28 July 2021
Cogito Ergo Non Serviam
Four police officers who defended the Capitol from terrorists on January 6, 2020, testified before the House Select Committee investigating the attack. Capitol Police officers Harry Dunn and Aquilino Gonell along with D.C. police officers Michael Fanone and Daniel Hodges gave lie to the Republican Party's claim that there was hugging and kissing and that the terrorists were no different than tourists. They spoke of the physical, emotional and spiritual pain the thousands of terrorists inflicted. But as Congressman Adam Kinzinger (R-IL) said they held, they won.
Officer Gonell, a naturalized American and Veteran of the Iraq War, required surgery to repair the injuries he sustained in the fighting he likened to "a medieval battlefield." He told the committee "To be honest, I did not recognize my fellow citizens who stormed the Capitol on January 6, or the United States they represent. Nothing in my experience in the Army, or as a law enforcement officer, prepared me for what we confronted."
Officer Fanone testified "I was dragged from the line of officers and into the crowd. I was electrocuted again and again and again." The mob of terrorists had taken his Taser and repeatedly used it on him. He suffered a heart attack and a brain injury that afternoon. Only when he cried out that he had kids did the attackers relent. He passed out and was carried from the battlefield by his fellow officers.
Officer Dunn, a black American patriot, said, "There's people freaking everywhere. They saw I came from an area that wasn't occupied by terrorists. So they tried to go down the steps. I said, 'No, you're not going down there.' And I'm exhausted. They're saying, 'Trump is our rightful president. Nobody voted for Joe Biden.' I needed to catch my breath. So I said, 'I voted for Joe Biden. What? My vote doesn't matter?' A woman responded, 'This [racial slur] voted for Joe Biden!' Everybody that was there started joining in. 'Hey, [racial slur]!' It was over 20 people who said it."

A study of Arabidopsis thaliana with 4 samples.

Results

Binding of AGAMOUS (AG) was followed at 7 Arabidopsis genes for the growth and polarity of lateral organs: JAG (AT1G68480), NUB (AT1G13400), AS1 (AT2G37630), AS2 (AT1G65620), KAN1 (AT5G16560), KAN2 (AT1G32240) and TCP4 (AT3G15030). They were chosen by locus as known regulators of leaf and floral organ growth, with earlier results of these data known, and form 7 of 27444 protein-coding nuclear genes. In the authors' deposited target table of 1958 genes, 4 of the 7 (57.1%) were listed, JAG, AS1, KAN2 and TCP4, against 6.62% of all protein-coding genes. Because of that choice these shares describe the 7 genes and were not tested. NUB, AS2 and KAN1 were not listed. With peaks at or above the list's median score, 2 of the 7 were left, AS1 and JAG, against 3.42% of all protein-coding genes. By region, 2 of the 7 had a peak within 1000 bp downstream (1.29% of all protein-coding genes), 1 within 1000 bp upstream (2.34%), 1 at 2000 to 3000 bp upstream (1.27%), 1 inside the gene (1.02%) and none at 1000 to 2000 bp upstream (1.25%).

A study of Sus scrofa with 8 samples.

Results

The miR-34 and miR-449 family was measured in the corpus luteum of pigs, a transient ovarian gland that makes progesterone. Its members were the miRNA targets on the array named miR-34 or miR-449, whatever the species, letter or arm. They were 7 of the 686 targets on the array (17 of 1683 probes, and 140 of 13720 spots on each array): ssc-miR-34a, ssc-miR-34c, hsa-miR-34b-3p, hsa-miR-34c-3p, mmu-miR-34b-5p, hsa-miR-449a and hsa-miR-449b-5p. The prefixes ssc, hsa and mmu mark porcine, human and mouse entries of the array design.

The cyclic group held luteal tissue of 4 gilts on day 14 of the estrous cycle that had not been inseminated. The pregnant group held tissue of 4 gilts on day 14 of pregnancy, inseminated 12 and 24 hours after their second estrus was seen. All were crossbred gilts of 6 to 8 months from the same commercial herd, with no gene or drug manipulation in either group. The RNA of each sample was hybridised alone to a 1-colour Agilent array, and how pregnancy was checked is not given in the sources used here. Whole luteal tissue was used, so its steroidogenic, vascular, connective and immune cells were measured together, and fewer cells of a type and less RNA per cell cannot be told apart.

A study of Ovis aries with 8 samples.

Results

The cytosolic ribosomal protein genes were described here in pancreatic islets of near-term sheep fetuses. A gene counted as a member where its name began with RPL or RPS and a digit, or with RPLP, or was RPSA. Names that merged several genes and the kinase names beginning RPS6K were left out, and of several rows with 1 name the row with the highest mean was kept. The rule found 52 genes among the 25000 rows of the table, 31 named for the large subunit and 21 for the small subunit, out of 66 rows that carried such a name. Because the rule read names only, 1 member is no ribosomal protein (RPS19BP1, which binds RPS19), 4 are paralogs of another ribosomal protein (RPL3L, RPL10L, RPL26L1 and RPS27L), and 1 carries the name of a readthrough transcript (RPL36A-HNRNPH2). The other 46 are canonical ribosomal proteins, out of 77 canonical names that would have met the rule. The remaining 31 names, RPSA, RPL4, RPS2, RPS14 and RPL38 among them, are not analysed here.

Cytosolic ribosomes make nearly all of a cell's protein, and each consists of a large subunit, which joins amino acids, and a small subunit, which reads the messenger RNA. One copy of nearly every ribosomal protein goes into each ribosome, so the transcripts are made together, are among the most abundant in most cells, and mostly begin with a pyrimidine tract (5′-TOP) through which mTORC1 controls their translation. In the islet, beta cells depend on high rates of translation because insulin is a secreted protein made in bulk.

Officer Hodges was wedged between a door frame and the mob, being slowly crushed. It was he who called the attackers terrorists, never using another term for them. He demanded that the committee find out if anyone in power was complicit, had advance knowledge, aided or abetted any of the terrorists.
J. Thomas Manger, the new chief of the Capitol Police, who came out of retirement to lead the organization, said "I am proud of the officers who had the courage to share their stories in front of the House Select Committee and our entire country to describe the horrors and heroism on January 6. I am equally proud of everyone in this Department and our partner agencies who fought like hell to preserve our democracy."
This journal believes that those words are inadequate. Outgunned and outmanned, they fought off the worst assault on the US Capitol since the War of 1812. Were it not for them, there might not be an American democracy today.
The Republican Party leadership wanted to avoid this testimony at all costs. They shot down a bipartisan commission, they voted against creating this committee, and they appointed ass-hats to the committee whom Speaker Pelosi vetoed. They have no input about the narrative now, and things will get worse for them.
If they are not terrorists, they are terrorist-sympathizers. There can be no compromise with them, no negotiation with them. They must be denied office, and if the facts support it, they must be imprisoned.
© Copyright 2021 by The Kensington Review, Jeff Myhre, PhD, Editor. No part of this publication may be reproduced without written consent. Produced using Ubuntu Linux.